Jul 14, 2022 - Economy & Business

You.com raises $25 million to challenge Google's search dominance

Illustration of a search bar being illuminated by a spotlight.
Illustration: Gabriella Turrisi/Axios

"Why won't Google just build that?"

  • That question has been posed to entrepreneurs by venture capitalists so often that it's become a cliché. But not when asked of Richard Socher, the former Salesforce chief scientist who founded a web search startup called You.com.

Driving the news: You.com today is announcing $25 million in Series A funding led by Radical Ventures.

  • This follows a $20 million seed round last fall led by Marc Benioff's Time Ventures. Other backers in the new deal include Breyer Capital, Norwest Venture Partners and Day One Ventures.

How it works: You.com, a domain that somehow was never before used by a business, looks a lot like Google at first blush. Sparse page with a giant search bar.

  • Its results, however, are organized differently and can be personalized by adding apps in areas like news (Axios is in there) or code (Stack Overflow, etc.).
  • You.com also doesn't currently have any ads, although Socher says it may eventually follow the DuckDuckGo model of "private ads" whereby the advertiser doesn't learn anything about users and can't follow them around the web.
  • Another monetization option could be with premium apps or other services. Particularly for developers — what Socher calls "professional searchers" — with You.com features including an AI code completion function and GitHub results.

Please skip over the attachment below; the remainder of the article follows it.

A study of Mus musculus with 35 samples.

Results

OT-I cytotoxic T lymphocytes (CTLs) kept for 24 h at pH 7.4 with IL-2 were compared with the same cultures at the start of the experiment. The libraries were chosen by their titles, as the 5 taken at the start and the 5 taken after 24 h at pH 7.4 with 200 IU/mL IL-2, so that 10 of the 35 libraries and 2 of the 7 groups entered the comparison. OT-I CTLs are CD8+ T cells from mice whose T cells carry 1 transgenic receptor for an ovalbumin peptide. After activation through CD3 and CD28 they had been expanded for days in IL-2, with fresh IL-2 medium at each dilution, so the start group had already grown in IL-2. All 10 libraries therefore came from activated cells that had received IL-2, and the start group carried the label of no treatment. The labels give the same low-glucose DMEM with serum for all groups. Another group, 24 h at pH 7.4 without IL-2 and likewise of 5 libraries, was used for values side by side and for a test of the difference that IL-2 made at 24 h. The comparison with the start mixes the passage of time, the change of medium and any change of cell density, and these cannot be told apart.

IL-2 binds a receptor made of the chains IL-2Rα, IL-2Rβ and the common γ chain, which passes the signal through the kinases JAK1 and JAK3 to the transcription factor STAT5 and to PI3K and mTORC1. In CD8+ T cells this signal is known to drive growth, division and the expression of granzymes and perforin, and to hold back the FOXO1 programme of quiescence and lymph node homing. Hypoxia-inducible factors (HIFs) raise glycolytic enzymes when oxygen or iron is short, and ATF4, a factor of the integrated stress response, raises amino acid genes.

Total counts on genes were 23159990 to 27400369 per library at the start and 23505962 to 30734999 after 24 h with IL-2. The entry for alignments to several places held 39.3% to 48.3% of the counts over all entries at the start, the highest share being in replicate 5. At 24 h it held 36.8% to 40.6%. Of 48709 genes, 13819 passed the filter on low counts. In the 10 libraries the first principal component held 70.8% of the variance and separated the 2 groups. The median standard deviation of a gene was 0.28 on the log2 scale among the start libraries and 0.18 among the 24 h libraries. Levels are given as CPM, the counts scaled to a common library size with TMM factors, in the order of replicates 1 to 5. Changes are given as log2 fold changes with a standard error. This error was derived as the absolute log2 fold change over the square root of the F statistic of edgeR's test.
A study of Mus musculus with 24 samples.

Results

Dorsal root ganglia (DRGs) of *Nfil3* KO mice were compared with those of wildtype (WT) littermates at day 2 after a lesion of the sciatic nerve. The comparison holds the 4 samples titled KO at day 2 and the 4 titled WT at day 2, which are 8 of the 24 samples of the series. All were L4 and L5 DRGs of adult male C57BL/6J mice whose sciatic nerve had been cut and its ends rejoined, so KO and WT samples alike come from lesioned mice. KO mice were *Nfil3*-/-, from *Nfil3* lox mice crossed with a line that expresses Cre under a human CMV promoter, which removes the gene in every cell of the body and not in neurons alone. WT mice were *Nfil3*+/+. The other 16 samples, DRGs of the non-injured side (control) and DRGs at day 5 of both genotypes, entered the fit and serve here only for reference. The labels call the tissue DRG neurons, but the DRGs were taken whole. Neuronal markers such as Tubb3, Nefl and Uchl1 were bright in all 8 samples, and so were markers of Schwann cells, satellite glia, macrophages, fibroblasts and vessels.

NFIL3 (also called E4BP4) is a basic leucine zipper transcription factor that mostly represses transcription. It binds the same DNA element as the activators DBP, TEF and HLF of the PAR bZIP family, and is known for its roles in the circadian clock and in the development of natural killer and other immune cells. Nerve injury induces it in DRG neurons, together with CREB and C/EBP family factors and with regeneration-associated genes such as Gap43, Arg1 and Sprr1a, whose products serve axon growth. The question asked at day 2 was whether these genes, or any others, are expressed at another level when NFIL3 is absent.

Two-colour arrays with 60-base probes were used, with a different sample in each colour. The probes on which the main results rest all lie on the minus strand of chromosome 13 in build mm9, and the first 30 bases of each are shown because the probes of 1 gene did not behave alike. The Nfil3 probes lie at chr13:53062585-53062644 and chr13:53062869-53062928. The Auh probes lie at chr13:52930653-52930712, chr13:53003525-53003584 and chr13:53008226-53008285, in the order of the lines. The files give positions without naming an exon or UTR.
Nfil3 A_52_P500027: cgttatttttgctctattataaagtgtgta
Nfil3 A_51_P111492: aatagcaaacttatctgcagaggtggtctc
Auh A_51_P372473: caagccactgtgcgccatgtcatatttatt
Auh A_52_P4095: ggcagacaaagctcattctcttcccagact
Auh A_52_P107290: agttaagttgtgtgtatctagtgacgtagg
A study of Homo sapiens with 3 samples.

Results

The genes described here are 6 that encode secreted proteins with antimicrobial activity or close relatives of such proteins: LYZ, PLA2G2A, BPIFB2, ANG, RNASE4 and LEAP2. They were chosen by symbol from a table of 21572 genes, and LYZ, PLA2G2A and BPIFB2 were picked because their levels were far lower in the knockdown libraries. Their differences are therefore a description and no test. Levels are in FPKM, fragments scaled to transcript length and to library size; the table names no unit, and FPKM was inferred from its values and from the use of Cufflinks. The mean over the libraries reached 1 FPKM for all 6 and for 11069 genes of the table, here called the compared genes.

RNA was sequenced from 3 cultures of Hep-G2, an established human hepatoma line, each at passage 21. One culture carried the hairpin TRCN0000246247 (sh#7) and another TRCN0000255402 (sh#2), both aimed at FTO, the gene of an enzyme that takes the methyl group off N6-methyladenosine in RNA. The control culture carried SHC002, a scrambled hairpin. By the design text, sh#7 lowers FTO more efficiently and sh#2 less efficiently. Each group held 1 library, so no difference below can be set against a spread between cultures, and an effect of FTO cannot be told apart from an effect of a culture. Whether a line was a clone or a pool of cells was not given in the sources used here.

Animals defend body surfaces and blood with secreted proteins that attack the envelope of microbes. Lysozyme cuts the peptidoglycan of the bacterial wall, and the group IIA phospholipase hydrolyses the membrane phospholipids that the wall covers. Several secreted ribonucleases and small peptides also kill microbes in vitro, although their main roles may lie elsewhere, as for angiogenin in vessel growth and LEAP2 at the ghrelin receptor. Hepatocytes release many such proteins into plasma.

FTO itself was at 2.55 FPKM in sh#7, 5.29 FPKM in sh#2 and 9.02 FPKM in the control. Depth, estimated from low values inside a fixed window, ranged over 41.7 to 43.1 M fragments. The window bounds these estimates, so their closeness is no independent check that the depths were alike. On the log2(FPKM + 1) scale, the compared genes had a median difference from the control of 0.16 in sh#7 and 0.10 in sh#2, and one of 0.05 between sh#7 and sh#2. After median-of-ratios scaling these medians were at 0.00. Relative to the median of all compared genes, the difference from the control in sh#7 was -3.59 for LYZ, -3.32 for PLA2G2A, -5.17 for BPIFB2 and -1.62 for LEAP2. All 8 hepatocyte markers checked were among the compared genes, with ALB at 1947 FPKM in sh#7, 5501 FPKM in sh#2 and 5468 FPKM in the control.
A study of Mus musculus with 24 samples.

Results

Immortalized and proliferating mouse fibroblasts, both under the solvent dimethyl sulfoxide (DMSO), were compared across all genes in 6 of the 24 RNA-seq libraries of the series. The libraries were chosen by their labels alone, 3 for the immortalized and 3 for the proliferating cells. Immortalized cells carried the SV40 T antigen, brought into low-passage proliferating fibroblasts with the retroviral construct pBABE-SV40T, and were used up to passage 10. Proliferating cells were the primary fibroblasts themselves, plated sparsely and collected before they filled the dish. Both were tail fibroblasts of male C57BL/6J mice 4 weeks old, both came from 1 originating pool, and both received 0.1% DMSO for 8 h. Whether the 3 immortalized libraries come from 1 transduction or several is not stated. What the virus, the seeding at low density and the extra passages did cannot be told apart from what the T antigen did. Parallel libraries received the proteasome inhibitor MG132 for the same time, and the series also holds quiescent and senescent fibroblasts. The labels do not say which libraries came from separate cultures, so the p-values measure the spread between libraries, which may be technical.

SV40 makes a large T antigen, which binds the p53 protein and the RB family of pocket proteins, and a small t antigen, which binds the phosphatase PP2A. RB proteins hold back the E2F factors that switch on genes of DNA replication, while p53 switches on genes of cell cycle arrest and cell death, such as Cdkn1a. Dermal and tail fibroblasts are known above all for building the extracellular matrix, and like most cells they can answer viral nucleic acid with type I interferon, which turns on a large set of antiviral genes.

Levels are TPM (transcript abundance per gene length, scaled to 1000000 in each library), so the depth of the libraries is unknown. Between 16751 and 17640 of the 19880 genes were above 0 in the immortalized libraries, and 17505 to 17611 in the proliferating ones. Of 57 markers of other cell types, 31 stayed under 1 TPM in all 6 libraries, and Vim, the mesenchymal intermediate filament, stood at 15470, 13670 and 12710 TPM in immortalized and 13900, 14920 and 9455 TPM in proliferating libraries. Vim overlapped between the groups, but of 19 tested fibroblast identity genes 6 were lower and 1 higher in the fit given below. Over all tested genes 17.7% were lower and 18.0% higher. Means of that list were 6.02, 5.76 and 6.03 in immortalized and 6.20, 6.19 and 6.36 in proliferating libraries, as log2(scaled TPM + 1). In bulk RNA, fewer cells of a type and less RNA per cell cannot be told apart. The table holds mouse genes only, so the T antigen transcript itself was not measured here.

OK, so back to that question: If You.com gets major traction, why won't Google just take its best features and crush it?

Socher acknowledges pushing against a boulder, but believes the search giant is vulnerable. And not just among privacy-conscious developers.

  • First, he believes Google has gotten too big to move quickly.
  • Second, there could be new government regulations and/or antitrust action. He's already been interviewed by the Justice Department, expects the EU's "choice screen" rule will provide tailwinds and argues there even would be indirect benefits to a high-level breakup of the "privacy invasion outside of search."
  • One thing he's sure to have told DOJ is that Chrome has subtle ways of redirecting users back to Google search as their default, even after they've installed a rival search extension like You.com.
  • Finally, he says Google itself proved the value of an open platform when it bought and built out Android, to compete with Apple's dominant iPhone ecosystem.

The bottom line: You.com is a highest degree of difficulty startup with vast reward potential. Or, as Google might put it, a moonshot.